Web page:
Q: I have two boys. Their dad and I are divorced and we have both remarried – their dad first, and me a couple of months ago. Their father has always had VERY inconsistent work hours and works a lot of overtime, and I think his schedule really affects the boys. As they get older they’re becoming more disorganized and not doing as well in school. I’m thinking about going back to court to change the custody agreement, but before I do, I’d like to know what’s more important? Their dad having them when he can, or the stability of knowing where they’re going to be during the week?
A: Actually both, and because that’s the answer, it just reinforces the need to use good ex-etiquette when problem solving with dad. You may think that’s exactly what you’re doing by considering what’s best for the boys, but looking to change the children’s scheduled time with the other parent is often the first place divorced parents look when facing a problem with the kids, and that may not be the right answer. In this case, unless dad just changed employment – which you say he has not – he’s always had inconsistent hours. That means if the boys’ behavior has recently changed, there’s probably more to this than an inconsistent work schedule. More likely the additional changes, like your divorce, their dad’s remarriage and your remarriage just a couple of months ago impacted things as well. Remember, with remarriage comes a shift in household balance of power – another adult in the home, possibly a move, the addition of bonus siblings – lots of things that could distract young children and as a result they become disorganized, distracted, and possibly depressed.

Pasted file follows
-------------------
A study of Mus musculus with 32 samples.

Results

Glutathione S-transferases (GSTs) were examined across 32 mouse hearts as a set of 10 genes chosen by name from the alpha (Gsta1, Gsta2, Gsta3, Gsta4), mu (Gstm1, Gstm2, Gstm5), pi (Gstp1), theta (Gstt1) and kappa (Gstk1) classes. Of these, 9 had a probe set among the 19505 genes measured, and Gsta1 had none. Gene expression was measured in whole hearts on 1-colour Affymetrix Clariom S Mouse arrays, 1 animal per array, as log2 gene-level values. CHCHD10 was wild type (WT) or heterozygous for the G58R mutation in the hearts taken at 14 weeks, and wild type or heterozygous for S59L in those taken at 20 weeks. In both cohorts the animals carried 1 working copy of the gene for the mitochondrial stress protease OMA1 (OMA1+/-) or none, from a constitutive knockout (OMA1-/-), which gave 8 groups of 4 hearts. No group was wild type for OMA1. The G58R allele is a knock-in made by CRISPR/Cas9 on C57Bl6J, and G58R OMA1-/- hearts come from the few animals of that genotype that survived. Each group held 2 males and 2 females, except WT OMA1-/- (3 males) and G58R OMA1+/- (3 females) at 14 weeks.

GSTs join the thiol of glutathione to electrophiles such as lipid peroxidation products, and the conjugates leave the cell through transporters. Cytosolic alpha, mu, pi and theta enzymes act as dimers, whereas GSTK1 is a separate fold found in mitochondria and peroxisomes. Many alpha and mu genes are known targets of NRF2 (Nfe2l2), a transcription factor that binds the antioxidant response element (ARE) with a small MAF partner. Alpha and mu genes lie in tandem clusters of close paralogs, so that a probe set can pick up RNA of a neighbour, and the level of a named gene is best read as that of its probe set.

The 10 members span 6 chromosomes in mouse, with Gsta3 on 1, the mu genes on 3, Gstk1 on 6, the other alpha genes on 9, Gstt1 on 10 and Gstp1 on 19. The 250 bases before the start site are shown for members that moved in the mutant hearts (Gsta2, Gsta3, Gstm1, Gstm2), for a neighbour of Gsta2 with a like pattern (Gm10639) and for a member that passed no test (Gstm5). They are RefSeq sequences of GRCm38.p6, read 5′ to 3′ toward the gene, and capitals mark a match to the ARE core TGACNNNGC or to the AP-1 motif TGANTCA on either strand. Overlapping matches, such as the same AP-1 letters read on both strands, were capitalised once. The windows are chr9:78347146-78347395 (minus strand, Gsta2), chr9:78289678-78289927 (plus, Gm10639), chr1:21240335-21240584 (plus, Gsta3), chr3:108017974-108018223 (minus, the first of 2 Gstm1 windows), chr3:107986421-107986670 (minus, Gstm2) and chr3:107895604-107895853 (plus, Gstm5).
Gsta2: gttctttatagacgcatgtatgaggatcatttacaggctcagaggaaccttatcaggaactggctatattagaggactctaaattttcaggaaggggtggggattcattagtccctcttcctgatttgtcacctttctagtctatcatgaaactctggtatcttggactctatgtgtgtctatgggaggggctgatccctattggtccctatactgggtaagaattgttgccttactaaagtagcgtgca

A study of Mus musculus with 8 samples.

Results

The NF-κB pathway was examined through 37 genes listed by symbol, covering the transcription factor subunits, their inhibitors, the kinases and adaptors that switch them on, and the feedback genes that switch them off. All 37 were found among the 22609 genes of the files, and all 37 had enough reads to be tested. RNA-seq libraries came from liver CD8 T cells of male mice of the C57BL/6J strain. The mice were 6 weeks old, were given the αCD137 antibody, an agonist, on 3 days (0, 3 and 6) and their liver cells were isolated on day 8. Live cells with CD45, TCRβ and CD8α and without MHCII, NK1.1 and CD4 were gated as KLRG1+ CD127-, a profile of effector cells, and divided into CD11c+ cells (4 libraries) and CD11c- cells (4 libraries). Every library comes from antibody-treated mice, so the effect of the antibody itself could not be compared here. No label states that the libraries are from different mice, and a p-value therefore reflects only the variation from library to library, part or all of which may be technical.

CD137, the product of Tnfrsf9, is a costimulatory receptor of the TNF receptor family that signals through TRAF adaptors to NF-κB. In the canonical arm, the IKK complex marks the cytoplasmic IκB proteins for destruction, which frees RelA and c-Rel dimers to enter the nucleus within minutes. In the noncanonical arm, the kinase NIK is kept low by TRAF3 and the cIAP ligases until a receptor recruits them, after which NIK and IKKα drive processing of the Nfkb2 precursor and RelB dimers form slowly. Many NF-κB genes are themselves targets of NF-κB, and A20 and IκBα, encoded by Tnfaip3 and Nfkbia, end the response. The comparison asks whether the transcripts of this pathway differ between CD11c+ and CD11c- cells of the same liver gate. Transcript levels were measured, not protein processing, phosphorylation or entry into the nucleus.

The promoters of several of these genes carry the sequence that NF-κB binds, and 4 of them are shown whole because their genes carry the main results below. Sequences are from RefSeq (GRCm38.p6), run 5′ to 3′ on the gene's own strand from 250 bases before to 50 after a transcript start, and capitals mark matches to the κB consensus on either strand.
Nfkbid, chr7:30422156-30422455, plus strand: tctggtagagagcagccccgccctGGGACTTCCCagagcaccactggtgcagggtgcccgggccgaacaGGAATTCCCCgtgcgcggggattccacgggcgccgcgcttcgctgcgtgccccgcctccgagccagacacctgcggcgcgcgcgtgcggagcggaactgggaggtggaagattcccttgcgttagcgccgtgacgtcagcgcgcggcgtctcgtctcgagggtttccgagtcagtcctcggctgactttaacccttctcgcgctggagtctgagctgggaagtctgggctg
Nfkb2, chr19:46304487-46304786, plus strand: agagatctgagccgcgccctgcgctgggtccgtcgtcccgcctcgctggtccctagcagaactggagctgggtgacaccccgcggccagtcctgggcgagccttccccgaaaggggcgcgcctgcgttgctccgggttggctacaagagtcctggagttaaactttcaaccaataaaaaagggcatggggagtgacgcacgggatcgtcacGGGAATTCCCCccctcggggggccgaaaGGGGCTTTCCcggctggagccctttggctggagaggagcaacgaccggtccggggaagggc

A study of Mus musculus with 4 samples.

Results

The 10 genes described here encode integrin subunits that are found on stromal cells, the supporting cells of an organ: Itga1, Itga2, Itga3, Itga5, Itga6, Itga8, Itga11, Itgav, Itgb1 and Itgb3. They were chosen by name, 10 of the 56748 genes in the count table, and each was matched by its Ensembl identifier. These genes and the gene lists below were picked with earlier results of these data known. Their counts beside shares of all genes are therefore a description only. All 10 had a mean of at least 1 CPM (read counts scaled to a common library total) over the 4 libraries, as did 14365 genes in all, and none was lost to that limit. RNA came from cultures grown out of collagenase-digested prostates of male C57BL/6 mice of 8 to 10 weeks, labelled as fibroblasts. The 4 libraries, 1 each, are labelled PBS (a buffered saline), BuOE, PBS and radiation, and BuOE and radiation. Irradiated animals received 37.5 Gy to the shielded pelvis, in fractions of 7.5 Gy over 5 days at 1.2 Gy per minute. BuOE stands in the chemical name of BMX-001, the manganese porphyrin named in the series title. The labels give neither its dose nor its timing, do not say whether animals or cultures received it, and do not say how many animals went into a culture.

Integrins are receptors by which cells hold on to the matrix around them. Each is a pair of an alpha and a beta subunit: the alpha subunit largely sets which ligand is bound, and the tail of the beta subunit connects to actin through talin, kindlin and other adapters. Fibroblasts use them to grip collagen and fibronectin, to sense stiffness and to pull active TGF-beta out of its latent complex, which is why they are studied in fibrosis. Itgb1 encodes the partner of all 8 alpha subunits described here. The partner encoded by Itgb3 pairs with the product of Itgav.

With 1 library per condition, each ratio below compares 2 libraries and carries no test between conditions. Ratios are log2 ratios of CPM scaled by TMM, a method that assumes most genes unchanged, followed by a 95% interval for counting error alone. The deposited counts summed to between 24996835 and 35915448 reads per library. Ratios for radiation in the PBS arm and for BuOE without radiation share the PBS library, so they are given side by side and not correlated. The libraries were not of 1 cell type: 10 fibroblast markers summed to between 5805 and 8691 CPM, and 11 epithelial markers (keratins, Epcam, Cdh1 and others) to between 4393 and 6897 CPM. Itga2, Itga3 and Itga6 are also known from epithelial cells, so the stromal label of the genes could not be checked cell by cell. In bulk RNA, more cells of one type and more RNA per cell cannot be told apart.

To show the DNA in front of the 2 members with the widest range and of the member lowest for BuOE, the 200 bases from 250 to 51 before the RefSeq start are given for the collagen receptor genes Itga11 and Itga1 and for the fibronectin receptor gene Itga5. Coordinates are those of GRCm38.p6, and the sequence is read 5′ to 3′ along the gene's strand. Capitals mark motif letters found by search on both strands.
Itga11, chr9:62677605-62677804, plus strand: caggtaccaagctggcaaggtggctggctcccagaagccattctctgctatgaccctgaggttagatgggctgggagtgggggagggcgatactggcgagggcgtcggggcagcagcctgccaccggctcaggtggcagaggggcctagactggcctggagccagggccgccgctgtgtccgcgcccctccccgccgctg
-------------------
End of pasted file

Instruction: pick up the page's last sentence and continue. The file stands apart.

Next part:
What does all this mean to you specifically? If you don’t want to fight it out in court, it means both you and dad may have to make concessions to help the boys adjust. Dad may have to admit that his inconsistent hours make it difficult on the boys and look for ways to adjust his work schedule. Could he possibly cut back on overtime? You may have to be more flexible. This could mean that you may have to become more cordial with his new wife so that you can better coordinate efforts when scheduling time for dad with the boys. (Good Ex-etiquette for Parents rule No. 2, “Ask for help if you need it.”) Bottom line, it means you may all have to do some things that you don’t want to do to make it easier on the kids. (Good Ex-etiquette for Parents rule No. 10, “Compromise whenever possible.”) You have the solutions already. You just have to decide to cooperate and put them into practice.
Bottom line, although good ex-etiquette always starts with the biological parents, it doesn’t end there. It’s not you against the boys’ dad. It’s all of you for the kids. If you all put the kids first, (Good Ex-etiquette for Parents rule No. 1), between four unselfish adults you’ll be able to find a solution. That’s good ex-etiquette.
Dr. Jann Blackstone is the author of “Ex-etiquette for Parents: Good Behavior After Divorce or Separation,” and the founder of Bonus Families, bonusfamilies.com. Email her at the Ex-Etiquette website exetiquette.com at firstname.lastname@example.org.